OpenAI stunned everyone in the AI world on Friday when the company’s board announced it had fired CEO Sam Altman. The company put out a blog post saying it “no longer had confidence” in Altman as a leader, noting company Greg Brockman would be stepping down as board chair, though he would be staying with the company. That didn’t last long however, as Brockman pulled an “I am Spartacus” moment by quitting soon after.
Media stories soon swirled, suggesting OpenAI’s biggest backer *Microsoft *- which owns 49% of the AI company - had only learned of Altman’s firing and Brockman’s demotion a few minutes before it was made public. Needless to say, Microsoft - which has invested $13 billion in OpenAI - saw its stock price drop by a 1% on the frankly wild news.
Saturday rolled around, and there were reports that Altman was ousted for doing deals without the board’s knowledge. Meanwhile, on the platform we used to call Twitter, many OpenAI staffers started sharing heart emojis in support of their fallen leader. Despite it being the weekend, OpenAI board’s seemingly had their hands full as more executives stepped down, and several outlets put out reports saying the company was doing a 180 and frantically trying to rehire Altman and Brockman to their old jobs.
By Sunday, the word was Altman was considering a return to OpenAI, but only if the remaining four-person board were themselves removed. At the time of writing this newsletter (Sunday night) the board is still in place and Altman is not (yet) back in charge of OpenAI. But with the way things are going, I wouldn’t be surprised if that didn’t hold true for long.
**Why it matters: **OpenAI is arguably the biggest name in AI, backed by a major tech giant that has pumped tens-of-billions of dollars into the company. However, as has come to sharp relief over the weekend, OpenAI is a non-profit that oversees commercial endeavors like ChatGPT and Dall-E; while there is a _lot _of speculation about what is playing out at OpenAI, it seems there is friction about what the organization wants - and just who gets to decide that.
With everything going on with OpenAI, it seems everyone and their dog wants to know what’s happening - including Elon Musk.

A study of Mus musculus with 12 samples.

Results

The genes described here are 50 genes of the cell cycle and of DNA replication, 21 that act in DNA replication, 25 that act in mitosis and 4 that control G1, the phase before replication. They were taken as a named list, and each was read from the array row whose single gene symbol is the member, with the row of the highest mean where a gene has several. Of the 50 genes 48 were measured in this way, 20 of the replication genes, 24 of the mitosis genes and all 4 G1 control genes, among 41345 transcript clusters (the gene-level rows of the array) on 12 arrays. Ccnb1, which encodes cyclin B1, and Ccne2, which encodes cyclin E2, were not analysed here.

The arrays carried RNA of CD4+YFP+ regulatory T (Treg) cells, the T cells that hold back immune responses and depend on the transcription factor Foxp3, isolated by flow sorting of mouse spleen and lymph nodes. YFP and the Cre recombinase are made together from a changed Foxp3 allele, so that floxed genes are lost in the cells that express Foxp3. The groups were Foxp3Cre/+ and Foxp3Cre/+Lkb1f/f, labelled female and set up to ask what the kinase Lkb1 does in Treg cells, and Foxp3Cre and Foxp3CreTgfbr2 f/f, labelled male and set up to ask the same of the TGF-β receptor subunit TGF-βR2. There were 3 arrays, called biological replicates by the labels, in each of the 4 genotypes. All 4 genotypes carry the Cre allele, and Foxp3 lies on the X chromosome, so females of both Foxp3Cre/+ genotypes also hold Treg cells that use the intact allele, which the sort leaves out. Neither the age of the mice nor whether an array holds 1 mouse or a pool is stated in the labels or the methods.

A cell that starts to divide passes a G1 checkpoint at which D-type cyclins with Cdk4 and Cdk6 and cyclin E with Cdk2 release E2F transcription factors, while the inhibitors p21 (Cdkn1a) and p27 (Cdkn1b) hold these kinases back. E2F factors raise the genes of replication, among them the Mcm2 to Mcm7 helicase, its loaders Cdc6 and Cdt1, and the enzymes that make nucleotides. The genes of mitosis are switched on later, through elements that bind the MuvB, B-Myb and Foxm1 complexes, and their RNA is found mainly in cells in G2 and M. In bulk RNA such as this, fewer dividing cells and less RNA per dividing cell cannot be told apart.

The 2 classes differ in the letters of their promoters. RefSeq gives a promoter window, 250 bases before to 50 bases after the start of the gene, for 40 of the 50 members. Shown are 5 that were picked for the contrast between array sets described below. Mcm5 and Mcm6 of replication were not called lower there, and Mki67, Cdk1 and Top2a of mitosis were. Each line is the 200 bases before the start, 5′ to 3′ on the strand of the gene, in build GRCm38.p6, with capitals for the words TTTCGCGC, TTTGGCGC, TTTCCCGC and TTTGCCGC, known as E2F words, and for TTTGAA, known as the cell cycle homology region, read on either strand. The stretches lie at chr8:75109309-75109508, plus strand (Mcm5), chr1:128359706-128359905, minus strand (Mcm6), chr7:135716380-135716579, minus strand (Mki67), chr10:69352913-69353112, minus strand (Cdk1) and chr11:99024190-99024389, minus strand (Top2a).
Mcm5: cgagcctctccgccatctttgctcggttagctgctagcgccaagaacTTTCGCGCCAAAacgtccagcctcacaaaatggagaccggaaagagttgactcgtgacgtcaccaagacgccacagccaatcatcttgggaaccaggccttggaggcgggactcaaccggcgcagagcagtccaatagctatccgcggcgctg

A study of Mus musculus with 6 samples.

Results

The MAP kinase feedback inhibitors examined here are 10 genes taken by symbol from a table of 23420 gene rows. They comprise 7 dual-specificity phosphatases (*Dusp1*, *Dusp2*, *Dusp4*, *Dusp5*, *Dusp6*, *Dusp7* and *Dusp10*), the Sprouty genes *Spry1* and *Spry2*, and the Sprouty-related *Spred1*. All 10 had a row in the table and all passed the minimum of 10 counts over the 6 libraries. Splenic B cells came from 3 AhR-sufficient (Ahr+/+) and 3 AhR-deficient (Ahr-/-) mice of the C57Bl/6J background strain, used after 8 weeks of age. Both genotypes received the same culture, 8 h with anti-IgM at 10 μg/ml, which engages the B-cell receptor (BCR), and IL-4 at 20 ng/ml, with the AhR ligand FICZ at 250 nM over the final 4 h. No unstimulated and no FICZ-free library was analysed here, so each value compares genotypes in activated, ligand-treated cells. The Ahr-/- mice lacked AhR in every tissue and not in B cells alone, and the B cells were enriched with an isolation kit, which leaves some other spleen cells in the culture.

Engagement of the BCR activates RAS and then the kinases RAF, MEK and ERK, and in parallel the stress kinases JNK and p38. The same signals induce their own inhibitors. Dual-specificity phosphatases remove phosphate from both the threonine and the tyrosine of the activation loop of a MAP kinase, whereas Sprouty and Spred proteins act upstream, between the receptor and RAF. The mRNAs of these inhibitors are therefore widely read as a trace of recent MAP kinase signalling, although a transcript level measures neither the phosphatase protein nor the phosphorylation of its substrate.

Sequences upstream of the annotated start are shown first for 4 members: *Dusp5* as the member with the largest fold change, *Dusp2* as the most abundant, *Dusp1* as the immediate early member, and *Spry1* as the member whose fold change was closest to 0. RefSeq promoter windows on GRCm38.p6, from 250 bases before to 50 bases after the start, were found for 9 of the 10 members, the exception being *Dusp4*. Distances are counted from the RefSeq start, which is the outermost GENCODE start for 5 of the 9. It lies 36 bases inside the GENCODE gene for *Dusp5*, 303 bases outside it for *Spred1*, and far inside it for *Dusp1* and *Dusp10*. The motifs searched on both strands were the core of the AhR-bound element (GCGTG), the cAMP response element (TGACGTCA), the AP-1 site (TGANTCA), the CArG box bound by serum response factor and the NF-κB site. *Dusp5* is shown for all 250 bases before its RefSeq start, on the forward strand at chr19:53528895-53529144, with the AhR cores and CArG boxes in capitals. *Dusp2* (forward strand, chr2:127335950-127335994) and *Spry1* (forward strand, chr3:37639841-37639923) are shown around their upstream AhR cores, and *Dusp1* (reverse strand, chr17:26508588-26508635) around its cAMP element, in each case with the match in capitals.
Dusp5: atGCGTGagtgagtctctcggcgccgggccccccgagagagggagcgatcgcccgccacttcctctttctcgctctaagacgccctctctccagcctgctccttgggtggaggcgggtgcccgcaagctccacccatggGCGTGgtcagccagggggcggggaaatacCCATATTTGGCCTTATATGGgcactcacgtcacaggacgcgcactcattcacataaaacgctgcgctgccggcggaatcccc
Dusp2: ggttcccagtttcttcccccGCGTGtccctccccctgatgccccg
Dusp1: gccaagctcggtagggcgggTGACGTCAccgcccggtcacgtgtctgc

Musk confidante (and former colleague) David Sacks took to X** **to give his opinion on the chaos at OpenAI, stating “the nonprofit should be converted to a C-corp, and Elon should get shares for putting in the first $40M+.”
Musk responded to the post, suggesting that, because of the “risk and power” of advanced AI, OpenAI’s board should explain why they “felt they had to take such drastic action” in getting rid of Altman.
**Why it matters: **As Sacks highlights, Musk was an early backer of OpenAI, but he later soured on the organization after he reportedly sought to take it over in 2018. More recently, Musk and Altman have sparred over their competing visions of AI, so don’t be too surprised if he has more to say about everything going on at OpenAI.
Meta **has disbanded its Responsible AI (RAI) team, according to **The Information.
RAI was established in 2019 to advise Meta (or Facebook, as it was then known) on its AI projects, including uncovering potential bias within training models.
A Meta spokesperson said the company will “continue to prioritize and invest in safe and responsible AI development,” noting former RAI staffers will “continue to support relevant cross-Meta efforts.”
**Why it matters: **It’s an interesting time for Meta to break up its RAI squad - particularly as lawmakers around the globe are focusing more of their attention on AI.
OpenAI fired its CEO, and then things got weird.